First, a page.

AUSTIN, Texas — We're only one week into the new year and yet another event has been canceled due to COVID-19.
The 2021 Point in Time Count has been canceled due to COVID-19 concerns. This event helps track and report data on Austin's homeless population. It is required every other year in communities that receive federal funding to address homelessness.
In years past, hundreds of volunteers with Austin's Ending Community Homelessness Coalition (ECHO) would fan out across the city to identify people living on the streets, in the woods, under bridges, in cars and in tents.
Instead of the count in-person, ECHO is using the Homeless Management Information System (HMIS) and other data to measure the number of people experiencing homelessness in the Austin area.
In the 2020 homeless count, more than 880 people interacted in-person with people experiencing homelessness. And because people experiencing homelessness are at a higher risk for COVID-19, ECHO said stakeholders decided it would be irresponsible to conduct a standard count for the following reasons:
- High case count in Texas, along with rising cases in Austin-Travis County that recently triggered Stage 5 safety guidelines in Austin
- People experiencing homelessness are at high risk of developing severe complications from COVID-19; combined with a lack of contact tracers in Texas, an infection resulting from an in-person count would be dangerous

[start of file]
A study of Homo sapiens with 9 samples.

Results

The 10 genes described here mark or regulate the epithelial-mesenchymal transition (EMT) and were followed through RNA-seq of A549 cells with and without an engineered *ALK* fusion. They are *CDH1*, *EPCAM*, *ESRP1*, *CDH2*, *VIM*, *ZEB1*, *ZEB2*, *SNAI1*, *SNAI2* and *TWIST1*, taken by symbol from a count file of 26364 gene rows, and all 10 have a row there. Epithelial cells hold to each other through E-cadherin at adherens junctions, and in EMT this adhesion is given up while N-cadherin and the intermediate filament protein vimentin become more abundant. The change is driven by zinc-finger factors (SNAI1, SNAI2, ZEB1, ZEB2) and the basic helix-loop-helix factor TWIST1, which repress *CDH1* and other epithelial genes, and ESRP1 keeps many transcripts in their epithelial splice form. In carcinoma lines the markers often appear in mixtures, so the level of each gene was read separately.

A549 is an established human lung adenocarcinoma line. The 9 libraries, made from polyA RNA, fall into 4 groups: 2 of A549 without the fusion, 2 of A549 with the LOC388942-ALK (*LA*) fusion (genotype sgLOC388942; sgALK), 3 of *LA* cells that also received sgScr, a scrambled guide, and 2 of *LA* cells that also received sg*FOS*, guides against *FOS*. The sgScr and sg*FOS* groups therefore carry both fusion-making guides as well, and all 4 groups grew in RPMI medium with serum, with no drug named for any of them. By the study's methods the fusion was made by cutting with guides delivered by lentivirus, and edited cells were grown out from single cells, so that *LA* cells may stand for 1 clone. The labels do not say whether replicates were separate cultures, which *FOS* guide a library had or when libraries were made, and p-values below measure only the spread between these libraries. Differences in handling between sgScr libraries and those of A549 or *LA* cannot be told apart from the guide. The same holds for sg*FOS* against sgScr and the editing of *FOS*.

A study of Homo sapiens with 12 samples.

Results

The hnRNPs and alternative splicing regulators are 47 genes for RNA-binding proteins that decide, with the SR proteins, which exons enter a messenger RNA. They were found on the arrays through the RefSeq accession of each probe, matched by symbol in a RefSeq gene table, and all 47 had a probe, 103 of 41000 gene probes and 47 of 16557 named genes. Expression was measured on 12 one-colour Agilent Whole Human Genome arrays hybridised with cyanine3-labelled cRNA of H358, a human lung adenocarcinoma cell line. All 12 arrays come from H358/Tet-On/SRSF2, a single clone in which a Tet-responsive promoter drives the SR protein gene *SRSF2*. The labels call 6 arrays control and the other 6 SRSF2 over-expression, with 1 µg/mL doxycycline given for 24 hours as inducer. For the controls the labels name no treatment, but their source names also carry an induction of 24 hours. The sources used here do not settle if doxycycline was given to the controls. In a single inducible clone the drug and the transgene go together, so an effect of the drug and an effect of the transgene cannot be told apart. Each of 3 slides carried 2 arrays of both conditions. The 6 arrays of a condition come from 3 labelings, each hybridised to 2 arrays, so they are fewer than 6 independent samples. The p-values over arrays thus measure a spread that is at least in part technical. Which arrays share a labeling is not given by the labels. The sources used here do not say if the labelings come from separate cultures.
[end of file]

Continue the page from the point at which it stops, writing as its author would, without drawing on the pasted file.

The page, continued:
- A lack of health insurance in Austin/Travis County limits the ability of our community to access testing and/or treatment
- An in-person count would pull resources, within ECHO and among direct service providers, away from the COVID-19 emergency response
- A lower volunteer turnout resulting from safety guidelines would almost certainly lead to an undercount, which is more damaging to our response system than estimating the number of people experiencing unsheltered homelessness using other datasets
“We have a responsibility to our neighbors experiencing homelessness, as well as to our staff, volunteers, and community, not to engage in activities that increase the risk of spreading the virus,” said Sarah Duzinski, ECHO’s vice president of quality assurance. “Either we jeopardize the health of the very people we are trying to serve and hundreds of staff and volunteers or try to hold a scaled-back operation that would likely lead to an undercount; neither of those outcomes serves the best interests of our community. The PIT Count is a valuable resource to understand trends year to year, but ultimately we feel the risks this year far outweigh the benefits to our community.”